Warts on the Hand and Fingers
Warts are simply areas of skin that grow faster than normal due to the presence of the wart virus. Warts are skin-colored and feel rough to the touch. The technical name is verruca vulgaris. They are most common on the hands, feet and face but they can grow almost anywhere in the body. They are infectious and some people, especially children, are more susceptible than others. What causes warts is a virus known as human papilloma virus (HPV). There are more than 60 types of the HPV virus. There is no cure for the HPV virus. Most people will naturally fight off the virus from their body within 2-3 years of infection. However, they can be re-infected at any time.
Warts on hands can be uncomfortable and embarrassing to have, but are not cancerous. They can be very itchy, and can bleed if irritated. If irritated the skin around them can become uncomfortable. Sometimes other conditions in the joint near a wart also can cause discomfort and often there is confusion as to what the source of discomfort is. In other words is it the wart that is painful or perhaps an arthritic joint below? Despite some discomfort at times, warts on the hands do not get in the way of performing activities or work and typically they are not painful.
Since warts are so common there are many different treatment options.
The first treatment many try on wart is removal with a salicylic acid liquid or pad. Using this method may take up to 12 weeks to get rid of warts. One will need a bottle of wart medication like Occlusal-HP or Compound W, a roll of 1-inch surgical tape ('Micropore' or 'Blenderm' are good) and a pumice stone or emery board. The wart should be soaked in warm water for 10 or 15 minutes. After soaking, rub away at the white, dead warty skin with the pumice stone. Apply the wart medication to the warts, getting as little as possible onto the surrounding skin and let dry. Put a piece of tape over the wart big enough to stop the medication getting rubbed off. You can also purchase bandages that have the medicine in them.
One needs to keep going down until just below the level of the surrounding skin to eradicate a wart completely. Stop when the base of the wart looks exactly like normal skin (i.e. no black dots or 'graininess). If they become sore or bleed a little just leave off the treatment and carry on the following night. Special precautions are not needed if one goes swimming to avoid infecting other people. The risk to others is very little.
Warts around the fingers and nails are typically more of a challenge. If using an over the counter medication has not worked for finger and toe warts there is a very good, but unusual treatment using 'duct tape'. Apply the tape over the warts for 6 1/2 days per week and give the finger 1/2 day off per week. In kids, the tape often has to be replaced every day, or every other day,The tape needs to be 'occlusive'; it cannot be tape that 'breathes' like in cloth Band-Aids, etc After the 6 days,.soak hand in warm water, debride wart with emery board or pumice stone, leave tape off for roughly 12 hours, and then reapply tape. Repeat cycle for up to 2 months. Traditional silver duct tape appears superior to transparent tape. There is often a foul odor when the tape is removed.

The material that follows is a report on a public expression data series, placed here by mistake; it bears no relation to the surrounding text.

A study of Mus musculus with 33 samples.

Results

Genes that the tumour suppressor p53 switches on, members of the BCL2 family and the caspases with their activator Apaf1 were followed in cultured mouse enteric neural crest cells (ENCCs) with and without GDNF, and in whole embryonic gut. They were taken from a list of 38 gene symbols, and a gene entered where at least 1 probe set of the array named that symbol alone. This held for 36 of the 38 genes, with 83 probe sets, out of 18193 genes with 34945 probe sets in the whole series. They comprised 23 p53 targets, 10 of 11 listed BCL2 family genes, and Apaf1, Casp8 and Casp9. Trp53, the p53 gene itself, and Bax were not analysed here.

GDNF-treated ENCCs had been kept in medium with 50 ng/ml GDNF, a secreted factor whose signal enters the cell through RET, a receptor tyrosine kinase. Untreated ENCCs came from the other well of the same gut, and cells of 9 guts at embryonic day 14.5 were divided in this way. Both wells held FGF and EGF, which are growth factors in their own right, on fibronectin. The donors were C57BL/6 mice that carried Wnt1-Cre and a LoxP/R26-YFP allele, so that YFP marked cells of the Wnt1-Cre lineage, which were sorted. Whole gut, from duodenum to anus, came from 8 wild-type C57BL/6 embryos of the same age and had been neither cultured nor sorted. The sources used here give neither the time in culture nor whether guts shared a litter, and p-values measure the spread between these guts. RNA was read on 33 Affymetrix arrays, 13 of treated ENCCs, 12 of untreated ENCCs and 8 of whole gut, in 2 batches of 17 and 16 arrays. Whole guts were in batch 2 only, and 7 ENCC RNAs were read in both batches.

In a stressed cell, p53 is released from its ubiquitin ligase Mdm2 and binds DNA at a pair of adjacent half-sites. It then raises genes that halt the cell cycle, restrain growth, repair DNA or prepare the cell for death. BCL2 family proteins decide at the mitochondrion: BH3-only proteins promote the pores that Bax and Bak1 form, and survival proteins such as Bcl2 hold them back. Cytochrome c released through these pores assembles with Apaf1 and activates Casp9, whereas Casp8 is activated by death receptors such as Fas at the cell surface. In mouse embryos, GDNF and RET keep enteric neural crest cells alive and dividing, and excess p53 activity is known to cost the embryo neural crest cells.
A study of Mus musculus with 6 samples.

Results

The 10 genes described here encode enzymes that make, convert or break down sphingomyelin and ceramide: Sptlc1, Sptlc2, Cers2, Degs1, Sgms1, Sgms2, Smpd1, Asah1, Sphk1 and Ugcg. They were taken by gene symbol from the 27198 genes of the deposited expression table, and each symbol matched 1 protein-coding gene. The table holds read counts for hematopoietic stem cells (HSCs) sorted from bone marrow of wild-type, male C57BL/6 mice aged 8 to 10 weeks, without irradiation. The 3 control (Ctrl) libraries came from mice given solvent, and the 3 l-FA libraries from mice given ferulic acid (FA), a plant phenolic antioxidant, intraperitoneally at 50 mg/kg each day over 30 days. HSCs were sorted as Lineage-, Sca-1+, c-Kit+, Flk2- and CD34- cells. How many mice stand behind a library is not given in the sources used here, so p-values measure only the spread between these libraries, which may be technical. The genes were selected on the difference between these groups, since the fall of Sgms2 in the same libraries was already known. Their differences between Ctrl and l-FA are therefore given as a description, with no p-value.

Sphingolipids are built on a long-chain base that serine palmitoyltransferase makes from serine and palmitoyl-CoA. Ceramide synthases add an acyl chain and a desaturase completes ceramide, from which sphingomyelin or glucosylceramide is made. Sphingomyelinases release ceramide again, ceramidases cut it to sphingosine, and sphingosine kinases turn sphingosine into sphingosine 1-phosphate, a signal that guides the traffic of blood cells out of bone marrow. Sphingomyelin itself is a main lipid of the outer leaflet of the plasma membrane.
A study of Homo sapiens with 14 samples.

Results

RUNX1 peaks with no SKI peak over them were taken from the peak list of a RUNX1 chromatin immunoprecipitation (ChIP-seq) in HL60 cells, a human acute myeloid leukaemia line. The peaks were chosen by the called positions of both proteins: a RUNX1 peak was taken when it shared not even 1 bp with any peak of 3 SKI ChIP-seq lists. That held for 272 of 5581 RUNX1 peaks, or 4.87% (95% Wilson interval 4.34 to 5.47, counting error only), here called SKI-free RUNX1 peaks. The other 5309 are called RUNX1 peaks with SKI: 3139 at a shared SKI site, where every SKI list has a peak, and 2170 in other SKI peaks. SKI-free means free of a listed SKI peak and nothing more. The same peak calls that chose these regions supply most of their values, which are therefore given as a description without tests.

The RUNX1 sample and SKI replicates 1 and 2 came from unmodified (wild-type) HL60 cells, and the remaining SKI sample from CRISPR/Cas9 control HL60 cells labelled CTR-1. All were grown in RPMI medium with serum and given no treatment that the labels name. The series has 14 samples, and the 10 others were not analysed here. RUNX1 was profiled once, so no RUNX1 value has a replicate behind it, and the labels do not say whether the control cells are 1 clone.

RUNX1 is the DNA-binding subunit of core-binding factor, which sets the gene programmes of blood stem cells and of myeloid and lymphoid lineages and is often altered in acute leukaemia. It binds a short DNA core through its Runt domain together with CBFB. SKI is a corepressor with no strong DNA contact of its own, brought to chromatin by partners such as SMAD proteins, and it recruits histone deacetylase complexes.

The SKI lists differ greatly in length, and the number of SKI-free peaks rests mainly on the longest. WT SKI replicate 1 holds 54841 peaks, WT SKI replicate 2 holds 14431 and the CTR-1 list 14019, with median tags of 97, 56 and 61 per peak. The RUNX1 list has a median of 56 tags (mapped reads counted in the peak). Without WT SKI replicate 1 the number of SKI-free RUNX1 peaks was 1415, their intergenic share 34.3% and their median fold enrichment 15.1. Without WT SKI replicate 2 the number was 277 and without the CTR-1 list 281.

The mechanism of action of occlusion therapy with duct tape is not understood, but this benign intervention has received support from mainstream providers, and one study reported outcomes superior to those of cryotherapy.The tape probably works for two reasons. Warts are viruses, and thus susceptible to changes in temperature and decreased oxygen locally. The occlusive tape probably locally increases temperature.
As warts are caused by a virus infection, the body will build up resistance over a period of time and eventually the body will cause the warts to disappear. This may take months or sometimes years but is the natural way the body deals with warts. If they are allowed to disappear in this way it is less likely that a person will get any further ones as one will then be immune to that virus.
A hand surgeon or another physician may first try to treat a resistant wart without surgery. Injection with lidocaine and multiple needle punctures may work, but again is reserved for those warts that have failed other treatment modalities.
Other conditions that may resemble warts on the hands are seborrheic keratoses, molluscum contagiosum and skin cancer.
Surgery is rarely used for warts. Dermatologists can cauterize or burn off a wart or use cryosurgery in their office. Hand surgeons generally do not remove warts unless a dermatologist has tried and it recurs frequently or if the dermatologist feel that the skin area that the wart is on needs a hand surgeons attention. Lastly sometimes a dermatologist or another physician wants a wart removed surgically from the hand because they want a more definitive tissue diagnosis and/or are looking to rule out a type of benign or malignant skin cancer.
Perhaps the most important thing to remember when treating a wart is patience.
Tried and true treatments generally wrok but take time. More advanced and surgical treatments are offered only in special circumstances.